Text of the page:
One of my reading projects for the year is to read all of O’Connor’s fiction. I have read A Good Man is Hard to Find several years ago. But I knew I wasn’t really getting all of the meaning of the short stories. One of the reasons I want to read O’Connor is because I am looking for books that require a bit of struggle. Not because difficult books are ‘better’ because they are difficult. But because books that require something of the reader use different intellectual muscles than those that are laid out more clearly. I tend to read a lot of non-fiction. Books that while they may be academically difficult, are not intended to have layered shades of meaning. Fiction and poetry does often have layers and I am trying to work on some of those intellectual muscles.
Last year I picked up the short biography, The Terrible Speed of Mercy and I am currently reading A Subversive Gospel: Flannery O’Connor and the Reimagining of Beauty, Goodness and Truth. Previously I also read O’Connor’s graduate school Prayer Journal.
A Subversive Gospel is one of those books that I want to read more of, an interpretive guide. It is not a biography, although it has biographical details, it is about O’Connor’s writing, theology and philosophy. (It is also a reworked dissertation.) A Subversive Gospel has been very helpful at understanding O’Connor and their vision of writing so that I can understand the books later. But I was nearly 75% of the way through A Subversive Gospel and I have not read one of the novels, so I quickly listened to Wise Blood, not so much for the story, but to get a sense of what her novels felt like before I finished A Subversive Gospel.
One of O’Connor’s most quoted phrases about her writing is, “…to the hard of hearing you shout, and for the almost blind you draw large and startling figures.” This is very similar to what James KA Smith says he is doing in his attempts at being an alien anthropologist that is exploring the mall and the ball park to understand what cultural liturgies are driving those spaces.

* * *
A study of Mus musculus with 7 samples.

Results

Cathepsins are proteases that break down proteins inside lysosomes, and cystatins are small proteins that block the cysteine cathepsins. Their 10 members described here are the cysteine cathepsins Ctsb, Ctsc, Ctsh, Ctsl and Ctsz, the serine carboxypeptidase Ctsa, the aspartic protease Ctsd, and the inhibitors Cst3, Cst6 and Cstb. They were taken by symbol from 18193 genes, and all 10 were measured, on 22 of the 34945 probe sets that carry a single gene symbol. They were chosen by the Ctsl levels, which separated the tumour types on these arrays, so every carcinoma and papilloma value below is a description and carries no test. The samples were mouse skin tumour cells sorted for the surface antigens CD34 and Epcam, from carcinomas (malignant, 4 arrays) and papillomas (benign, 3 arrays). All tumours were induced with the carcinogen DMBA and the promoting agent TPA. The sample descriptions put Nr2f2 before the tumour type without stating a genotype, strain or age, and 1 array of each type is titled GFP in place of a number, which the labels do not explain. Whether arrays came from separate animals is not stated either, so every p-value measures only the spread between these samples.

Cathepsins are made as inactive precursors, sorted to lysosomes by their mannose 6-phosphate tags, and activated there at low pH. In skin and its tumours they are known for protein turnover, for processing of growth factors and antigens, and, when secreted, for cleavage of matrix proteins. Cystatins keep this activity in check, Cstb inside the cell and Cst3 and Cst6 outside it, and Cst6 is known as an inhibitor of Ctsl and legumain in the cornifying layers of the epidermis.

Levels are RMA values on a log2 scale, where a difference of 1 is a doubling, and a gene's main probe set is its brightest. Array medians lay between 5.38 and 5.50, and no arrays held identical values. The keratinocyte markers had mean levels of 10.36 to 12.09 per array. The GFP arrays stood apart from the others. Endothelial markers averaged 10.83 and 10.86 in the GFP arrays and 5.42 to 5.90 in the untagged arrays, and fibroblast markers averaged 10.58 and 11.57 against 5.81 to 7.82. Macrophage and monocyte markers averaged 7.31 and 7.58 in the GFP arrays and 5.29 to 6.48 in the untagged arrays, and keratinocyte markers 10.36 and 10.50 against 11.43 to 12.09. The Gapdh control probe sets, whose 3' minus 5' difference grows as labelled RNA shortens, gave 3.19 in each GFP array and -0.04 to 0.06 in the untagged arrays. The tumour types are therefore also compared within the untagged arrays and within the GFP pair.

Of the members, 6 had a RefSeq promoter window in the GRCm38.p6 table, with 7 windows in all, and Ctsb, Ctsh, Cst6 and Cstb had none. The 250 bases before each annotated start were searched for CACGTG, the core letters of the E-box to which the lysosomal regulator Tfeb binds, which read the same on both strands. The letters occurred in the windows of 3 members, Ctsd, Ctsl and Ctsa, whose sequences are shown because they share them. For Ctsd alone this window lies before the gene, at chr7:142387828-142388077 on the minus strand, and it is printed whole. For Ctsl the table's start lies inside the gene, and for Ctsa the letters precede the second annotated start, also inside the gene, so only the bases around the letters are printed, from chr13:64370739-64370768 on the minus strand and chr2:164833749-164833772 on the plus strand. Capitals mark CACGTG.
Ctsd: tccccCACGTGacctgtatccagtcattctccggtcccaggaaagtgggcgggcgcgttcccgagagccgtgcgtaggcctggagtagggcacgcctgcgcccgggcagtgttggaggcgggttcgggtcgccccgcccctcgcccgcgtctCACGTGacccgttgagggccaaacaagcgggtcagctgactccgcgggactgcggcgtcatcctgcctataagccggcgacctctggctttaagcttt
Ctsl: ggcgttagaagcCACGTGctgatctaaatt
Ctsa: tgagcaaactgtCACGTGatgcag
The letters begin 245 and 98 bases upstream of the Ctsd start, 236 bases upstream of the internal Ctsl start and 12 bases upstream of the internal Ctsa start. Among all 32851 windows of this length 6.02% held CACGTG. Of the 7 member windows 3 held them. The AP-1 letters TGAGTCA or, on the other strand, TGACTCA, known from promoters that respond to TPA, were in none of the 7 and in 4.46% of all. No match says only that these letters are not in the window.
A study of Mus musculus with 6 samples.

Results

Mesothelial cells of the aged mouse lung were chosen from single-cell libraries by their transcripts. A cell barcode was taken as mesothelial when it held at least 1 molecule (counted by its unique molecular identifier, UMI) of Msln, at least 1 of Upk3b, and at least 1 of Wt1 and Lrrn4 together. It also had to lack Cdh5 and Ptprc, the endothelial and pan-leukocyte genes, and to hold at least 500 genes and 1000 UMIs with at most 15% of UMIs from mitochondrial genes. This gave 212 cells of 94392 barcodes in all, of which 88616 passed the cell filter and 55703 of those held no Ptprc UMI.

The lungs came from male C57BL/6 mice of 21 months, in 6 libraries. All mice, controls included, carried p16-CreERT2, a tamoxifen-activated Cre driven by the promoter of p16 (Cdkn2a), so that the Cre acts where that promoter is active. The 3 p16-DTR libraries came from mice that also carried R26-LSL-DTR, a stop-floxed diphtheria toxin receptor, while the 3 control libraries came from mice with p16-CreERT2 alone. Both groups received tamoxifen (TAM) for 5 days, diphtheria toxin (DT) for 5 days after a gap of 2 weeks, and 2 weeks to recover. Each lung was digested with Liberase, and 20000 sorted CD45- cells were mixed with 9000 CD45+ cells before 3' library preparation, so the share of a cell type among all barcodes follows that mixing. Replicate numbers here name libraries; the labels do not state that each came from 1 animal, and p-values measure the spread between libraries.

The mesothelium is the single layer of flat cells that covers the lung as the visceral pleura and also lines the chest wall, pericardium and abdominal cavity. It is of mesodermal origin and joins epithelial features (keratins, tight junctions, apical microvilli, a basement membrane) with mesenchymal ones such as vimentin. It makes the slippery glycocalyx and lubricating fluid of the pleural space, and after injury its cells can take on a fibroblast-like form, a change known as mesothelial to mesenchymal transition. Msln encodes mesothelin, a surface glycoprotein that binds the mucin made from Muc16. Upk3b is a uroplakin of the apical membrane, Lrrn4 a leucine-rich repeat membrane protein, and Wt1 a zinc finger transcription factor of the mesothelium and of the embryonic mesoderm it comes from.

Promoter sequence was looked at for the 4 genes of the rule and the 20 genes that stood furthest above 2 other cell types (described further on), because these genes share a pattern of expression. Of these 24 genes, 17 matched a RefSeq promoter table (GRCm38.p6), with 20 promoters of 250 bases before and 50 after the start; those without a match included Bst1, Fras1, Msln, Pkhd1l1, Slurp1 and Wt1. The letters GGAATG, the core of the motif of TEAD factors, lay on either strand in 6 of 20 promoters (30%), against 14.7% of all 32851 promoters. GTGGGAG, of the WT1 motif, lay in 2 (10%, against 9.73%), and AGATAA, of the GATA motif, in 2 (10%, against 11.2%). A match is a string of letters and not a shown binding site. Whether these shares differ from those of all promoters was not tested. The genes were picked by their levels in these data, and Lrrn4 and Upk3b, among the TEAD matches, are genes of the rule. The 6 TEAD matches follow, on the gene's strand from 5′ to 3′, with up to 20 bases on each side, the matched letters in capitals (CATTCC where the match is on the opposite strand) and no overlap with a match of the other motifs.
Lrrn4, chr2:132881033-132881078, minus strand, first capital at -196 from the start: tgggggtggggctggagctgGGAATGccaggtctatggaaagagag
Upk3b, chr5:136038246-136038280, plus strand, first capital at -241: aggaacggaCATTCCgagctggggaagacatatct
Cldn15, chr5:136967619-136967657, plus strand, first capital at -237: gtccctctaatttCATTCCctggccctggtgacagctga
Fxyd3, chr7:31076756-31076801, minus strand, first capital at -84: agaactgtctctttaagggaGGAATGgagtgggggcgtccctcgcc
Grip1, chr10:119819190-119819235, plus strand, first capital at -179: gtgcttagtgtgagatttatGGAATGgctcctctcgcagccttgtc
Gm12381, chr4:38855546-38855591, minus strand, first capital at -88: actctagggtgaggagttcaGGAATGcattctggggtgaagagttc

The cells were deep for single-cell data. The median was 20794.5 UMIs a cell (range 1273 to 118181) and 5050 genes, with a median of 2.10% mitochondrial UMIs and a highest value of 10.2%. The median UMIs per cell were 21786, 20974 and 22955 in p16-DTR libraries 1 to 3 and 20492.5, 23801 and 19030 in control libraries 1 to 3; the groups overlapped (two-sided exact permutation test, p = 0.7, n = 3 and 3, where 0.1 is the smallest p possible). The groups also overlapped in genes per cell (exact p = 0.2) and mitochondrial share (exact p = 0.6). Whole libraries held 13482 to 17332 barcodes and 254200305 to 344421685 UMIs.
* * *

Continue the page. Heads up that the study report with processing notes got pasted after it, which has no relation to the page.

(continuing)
“…my goal is to try to make strange what is so familiar to us precisely in order to help us see what is at stake in formative practices that are part of the mall experience.(p23 of Desiring the Kingdom)
Wise Blood is not a standard country boy comes to the big city story with standard middle of the 20th century characters. First of all, I listened to the audiobook, but it was one I did not leave running when litter ears were around like I often do. This is full of crude ugly language, swearing and derogatory comments. But lots of books that are not classics have bad language. (And there is a real beauty to the language even when it is crude.)
There are three main threads to the story. Hazel Motes is the young veteran that is coming to the city. He has a chip on his shoulder from the death of his mother and his world not being what he wants. He was been told he will be a preacher by his mother, but he can no longer believe (or not believe) in Jesus.
Enoch Emory is an 18 year old newcomer to the city, recently kicked out the house by his father. He is incredibly lonely and eager for anyone to be his friend. Enoch follows his animal instincts (as a guard at the zoo). He finds comfort in being antagonistic toward the animals, leering at and making crude comments to the women that find him repulsive and being sure that at the same time he is bound for greatness.
The final thread is the ‘blind’ preacher Asa Hawks and his daughter Sabbath. When Hazel Motes sees this street preacher he is inspired to create the Church Without Christ and he becomes a street preacher himself preaching about the unreality of Christ.
The characters careen into one another, so interested in themselves that they miss the others. The violence here is real (there are several murders) but the violence against the personhood of the other seems even worse.
The audiobooks is fine and I would recommend it, but because of the structure of the story I kept missing transitions and details. I was reading for the feel more than the story and went in with the intention to read this again in print before the end of the year. But I think I would probably start with the print version. There is also a 1979 John Huston film that is adapted from the book, but I have not watched that yet.